Sobbing. Where is that crying coming from? You think to yourself. Opening the door to her room, Sandy is curled up on her bed, sobbing into her pillow. Sitting gently on the bed, your hand slowly settles on her back and she jumps. Quickly, she dries her eyes without looking at you. She sits up, looks at you, and huddles into the corner. The feeling of a distance so vast you’ll never cross it comes between you. How do I say ‘You are loved’?

The Problem

I’ve got three kids under 15 and sometimes it feels like life is a roller coaster of feelings and sounds. One minute the coaster builds, going up and up to a great height of love and laughter, only to crash/bang/jolt to your back and pure terror barely controlled ensues. We can be rocking along at a steady pace and then a surprise upsets one or more and the feelings blow back in your face and you can’t even breathe at the pace of the change. How do we handle this whiplash? How do we show our children they are safe in such a changeable world?


When you get ready to ride a roller coaster, the attendant goes through a thorough and complete check. They check your seatbelt, push and pull on the safety bar, and do hand signals and announcements that let you know the ride is safe. Observing this makes the fear and terror fun. You know-that-you-know-that-you-know, you are safe. Families function the same way. Ups and downs come and go, but if a child really knows-that-they-know-that-they-know they are loved, everything can be ok. We can just enjoy the ride.  But how can we really show our child we love them?

Step 1: Eye Contact

Looking a person in the eye and having soft, loving eye contact on a regular basis shows a level of care and commitment to that person. In our increasingly digital world, positive eye contact is rare. Putting down the phone, turning off the device, and having a face to face conversation creates an intimacy that fosters connection. My oldest son, who is extremely active, and I play a game every so often. I say “Let me see the blue sky” and he says “Let me see the green grass” and we stare in each others eyes. We usually laugh, hug, and go our way, but this sweet interaction allows me to check in with him and connect without a lot of fuss.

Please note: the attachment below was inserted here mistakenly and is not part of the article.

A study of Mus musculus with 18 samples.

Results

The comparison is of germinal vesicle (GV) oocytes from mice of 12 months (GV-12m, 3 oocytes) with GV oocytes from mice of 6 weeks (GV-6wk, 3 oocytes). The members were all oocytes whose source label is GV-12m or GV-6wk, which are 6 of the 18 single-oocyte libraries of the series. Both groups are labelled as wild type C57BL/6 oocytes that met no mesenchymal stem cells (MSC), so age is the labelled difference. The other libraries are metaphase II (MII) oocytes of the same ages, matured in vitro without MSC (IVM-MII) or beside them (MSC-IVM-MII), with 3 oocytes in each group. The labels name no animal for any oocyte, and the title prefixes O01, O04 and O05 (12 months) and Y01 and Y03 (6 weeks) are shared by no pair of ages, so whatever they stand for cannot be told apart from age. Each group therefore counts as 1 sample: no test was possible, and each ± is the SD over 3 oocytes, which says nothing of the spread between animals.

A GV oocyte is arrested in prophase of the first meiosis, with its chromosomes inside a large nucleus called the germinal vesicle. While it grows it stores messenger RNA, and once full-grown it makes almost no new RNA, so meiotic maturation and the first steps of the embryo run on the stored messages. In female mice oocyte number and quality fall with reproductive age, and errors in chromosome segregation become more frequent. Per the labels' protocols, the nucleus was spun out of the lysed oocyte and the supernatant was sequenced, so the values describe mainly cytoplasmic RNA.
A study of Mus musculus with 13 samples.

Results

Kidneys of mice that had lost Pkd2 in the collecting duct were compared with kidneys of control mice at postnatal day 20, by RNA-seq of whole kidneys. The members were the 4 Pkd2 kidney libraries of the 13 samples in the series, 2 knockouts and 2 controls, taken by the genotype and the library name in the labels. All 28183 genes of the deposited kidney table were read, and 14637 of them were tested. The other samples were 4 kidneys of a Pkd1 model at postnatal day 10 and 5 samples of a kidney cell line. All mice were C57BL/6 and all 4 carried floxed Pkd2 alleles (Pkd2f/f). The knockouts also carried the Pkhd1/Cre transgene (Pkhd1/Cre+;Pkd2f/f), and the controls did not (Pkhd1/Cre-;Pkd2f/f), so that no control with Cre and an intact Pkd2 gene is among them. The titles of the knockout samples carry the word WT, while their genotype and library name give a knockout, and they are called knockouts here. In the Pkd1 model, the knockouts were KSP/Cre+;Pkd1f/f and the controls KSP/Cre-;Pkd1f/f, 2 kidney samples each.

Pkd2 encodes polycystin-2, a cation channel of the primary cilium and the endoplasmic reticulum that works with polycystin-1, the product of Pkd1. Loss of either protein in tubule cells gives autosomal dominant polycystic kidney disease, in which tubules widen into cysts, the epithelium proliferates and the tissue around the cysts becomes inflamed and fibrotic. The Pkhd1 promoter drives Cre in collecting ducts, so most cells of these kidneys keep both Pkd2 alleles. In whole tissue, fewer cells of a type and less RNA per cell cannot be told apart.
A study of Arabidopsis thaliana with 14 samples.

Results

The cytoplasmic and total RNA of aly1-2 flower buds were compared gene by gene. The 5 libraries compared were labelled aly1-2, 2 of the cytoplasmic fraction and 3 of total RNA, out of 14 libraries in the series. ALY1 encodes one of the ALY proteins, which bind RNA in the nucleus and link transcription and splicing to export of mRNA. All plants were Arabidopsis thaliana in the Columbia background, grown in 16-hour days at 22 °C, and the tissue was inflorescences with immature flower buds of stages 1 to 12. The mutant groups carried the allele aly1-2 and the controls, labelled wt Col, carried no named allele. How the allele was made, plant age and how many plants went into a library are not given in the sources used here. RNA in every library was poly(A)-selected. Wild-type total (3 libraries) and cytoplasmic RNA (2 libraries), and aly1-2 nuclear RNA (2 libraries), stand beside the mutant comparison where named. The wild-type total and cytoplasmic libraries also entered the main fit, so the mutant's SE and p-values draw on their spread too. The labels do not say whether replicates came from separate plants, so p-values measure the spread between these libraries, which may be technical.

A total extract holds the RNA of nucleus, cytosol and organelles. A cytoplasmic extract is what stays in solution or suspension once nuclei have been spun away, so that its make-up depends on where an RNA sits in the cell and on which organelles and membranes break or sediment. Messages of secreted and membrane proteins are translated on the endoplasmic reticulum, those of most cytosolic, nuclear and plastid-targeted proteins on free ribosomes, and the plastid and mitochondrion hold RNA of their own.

When the attendant comes over and adjusts our seatbelts and checks our safety, they look at us, they check us out. This look provides the first clue we are safe because we are seen.

Step 2: Physical Contact

Children need positive physical contact. Roughing up a child’s hair, snuggling on the couch, rubbing a child’s back, these are all ways that caregivers show love. We spend a lot of time going from one place to another and taking our children from one child care environment to another. We may miss the opportunity to slow down, give a hug, and spend some time in physical contact.

When the bar comes down on the roller coaster, it is tight and it is protective and it is noticeable. It is also comfortingly solid. This feeling provides another clue that we are physically safe on that roller coaster because we are locked in.

Step 3: Focused Attention

Uninterrupted, planned and focused time feeds our relationships and grows our feelings of connection. Our full schedule needs to include connecting time. Without this focused attention to the relationship, it can wither and become weak. Time and attention allow us to acknowledge feelings, talk about issues, learn about each other. Without this focused attention, our relationship might not weather the next storm.

The attendant spends a specific amount of time focused on the safety of this ride. They work quickly, efficiently, but they are focused. You know safety is their primary job and it provides the final clue that this ride is safe.

Now What?

These steps come directly out of a classic parenting book: How To Really Love Your Child by D. Ross Campbell. I’ve used it for years with clients and myself. It has great information for parents of any age child because it has one basic idea. Parenting is about putting the lock bar in place on the roller coaster. Helping our kids to see the wild and crazy world of relationships and emotions as fun and exciting only happens in the context of loving and supportive relationships.

You may need help figuring out how to apply these steps in your situation. I’ve worked for 17 years with families and children learning how to create, maintain, and grow great relationships. Call me for a 15 minute consultation about how I can teach you show the love you have to those around you. 940-222-8703 ext 700.